Einstein on the Beach, Zellerbach Hall, Berkeley, Calif., Oct. 27, 2012

So let’s get to the bottom line: Was it worth redeeming airline miles, reserving a hotel, buying a right tier ticket and traveling from Seattle, Wash. to Berkeley, Calif. to watch a 4 1/2-hour opera by Philip Glass?

The short answer is yes. Yes, it was worth it.

Did Einstein on the Beach turn me from a passing Philip Glass fan to a Glassian acolyte? No, it did not. I like Glass as much now than I did before.

If anything, my fear was traveling 673 miles (according to available statistics on Grindr) only to end up at a non-offensive, non-denominational school play. So many navels have been subjected to deep staring when discussing the cultural impact of Einstein on the Beach that it’s almost ripe for disappointment.

Like that time I rented Pulp Fiction from the video store.

I recently re-read Glass’ autobiography, Music by Philip Glass, published just a few years after the premiere of Satyragraha, so I was briefed on how Einstein on the Beach was created. When I bought the ticket, I ordered the 1993 soundtrack on Nonesuch Records.

I went into the show vaguely aware of what to expect. It was still nice to see it come to life.

When the audience enters, Knee Play 1 is already in progress. From my vantage point on the tier, I could see the chorus enter the pit, one by one, stopping in mid-stride as they emerged, an invisible pause button interrupting their motions. I imagined that pause button operated by director Robert Wilson in some remote location.

With the chorus in place, the mic level on the Knee Play actresses (Helga Davis and Kate Moran) got enough of a boost to let the audience know it’s starting. But what is it?

Einstein on the Beach has no plot. Frankly, it could have been Newton or Hubble or Susskind on the beach. It doesn’t change the fact the evening was a showcase of rapid-fire singing, holistic staging and choreography that makes sense of Glass’ music from this period.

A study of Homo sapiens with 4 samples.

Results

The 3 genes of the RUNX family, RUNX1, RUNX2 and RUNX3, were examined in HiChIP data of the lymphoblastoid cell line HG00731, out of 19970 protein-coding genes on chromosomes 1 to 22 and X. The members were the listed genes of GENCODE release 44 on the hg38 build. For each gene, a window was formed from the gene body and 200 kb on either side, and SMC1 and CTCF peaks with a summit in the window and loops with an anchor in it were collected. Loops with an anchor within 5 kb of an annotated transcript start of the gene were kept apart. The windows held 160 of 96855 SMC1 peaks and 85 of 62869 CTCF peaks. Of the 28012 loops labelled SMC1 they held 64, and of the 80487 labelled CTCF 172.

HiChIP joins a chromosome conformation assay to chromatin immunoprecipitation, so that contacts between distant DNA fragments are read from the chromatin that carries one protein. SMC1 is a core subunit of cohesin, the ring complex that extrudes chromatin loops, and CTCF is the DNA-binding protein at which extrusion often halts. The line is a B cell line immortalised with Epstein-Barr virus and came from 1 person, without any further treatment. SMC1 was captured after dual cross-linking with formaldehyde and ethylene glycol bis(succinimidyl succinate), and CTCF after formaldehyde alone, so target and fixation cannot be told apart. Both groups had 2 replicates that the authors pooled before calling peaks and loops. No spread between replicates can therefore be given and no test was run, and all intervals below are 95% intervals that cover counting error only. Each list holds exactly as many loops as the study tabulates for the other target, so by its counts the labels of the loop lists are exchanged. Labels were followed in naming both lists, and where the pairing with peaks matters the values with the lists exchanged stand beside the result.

Most of my experience with Glass has been non-visual — I just have some recordings and a few scores. So it takes work to extract that large picture from all the tinier repeated motifs. Married to the choreography of Lucinda Childs, the incessant arpeggios and buzzing runs make corporeal the motion in Glass’ music.

The two Dance sections of Einstein were probably the ones I enjoyed the most.

Glass’ music can get hypnotic, and Wilson’s pacing often mirrors the gradual changes in the score. For the Trial, this combination becomes challenging. Trial is perhaps the most introspective moment in Einstein, and it’s easy to get lulled by the seemingly unchanging action and soothing music. In other words, I dozed off.

Glass and Wilson designed Einstein on the Beach in a such a way to let the audiences impose their own perspective on the action on stage. Night Train is a tableaux set on the end car of a passenger train, where a man in a suit and a woman in an evening gown regale the audience with their tale of solfège and numbers. At the end of this duet, she pulls a gun on him. That led me to tweet:

Hey, this opera has a romantic duet complete with tragic, violent end. See Night Train.

aworks came away from Einstein thinking about totalitarianism.

Other favorite moments for me included Trial 2: Prematurely Air-Conditioned Supermarket and Trial 1: All Men are Equal. Charles Williams really inhabits the speech originated by Samuel Johnson, bringing out the comedy that didn’t quite come across in the Nonesuch recording.

Also — Jennifer Koh as Einstein. That’s some stellar casting.

If Einstein gets another revival in another few years — and if I happen to be proximity of a performance — I’d be very much inclined to see it again. And if nothing you’ve read in this entry scares you off from seeing the current production, by all means — go.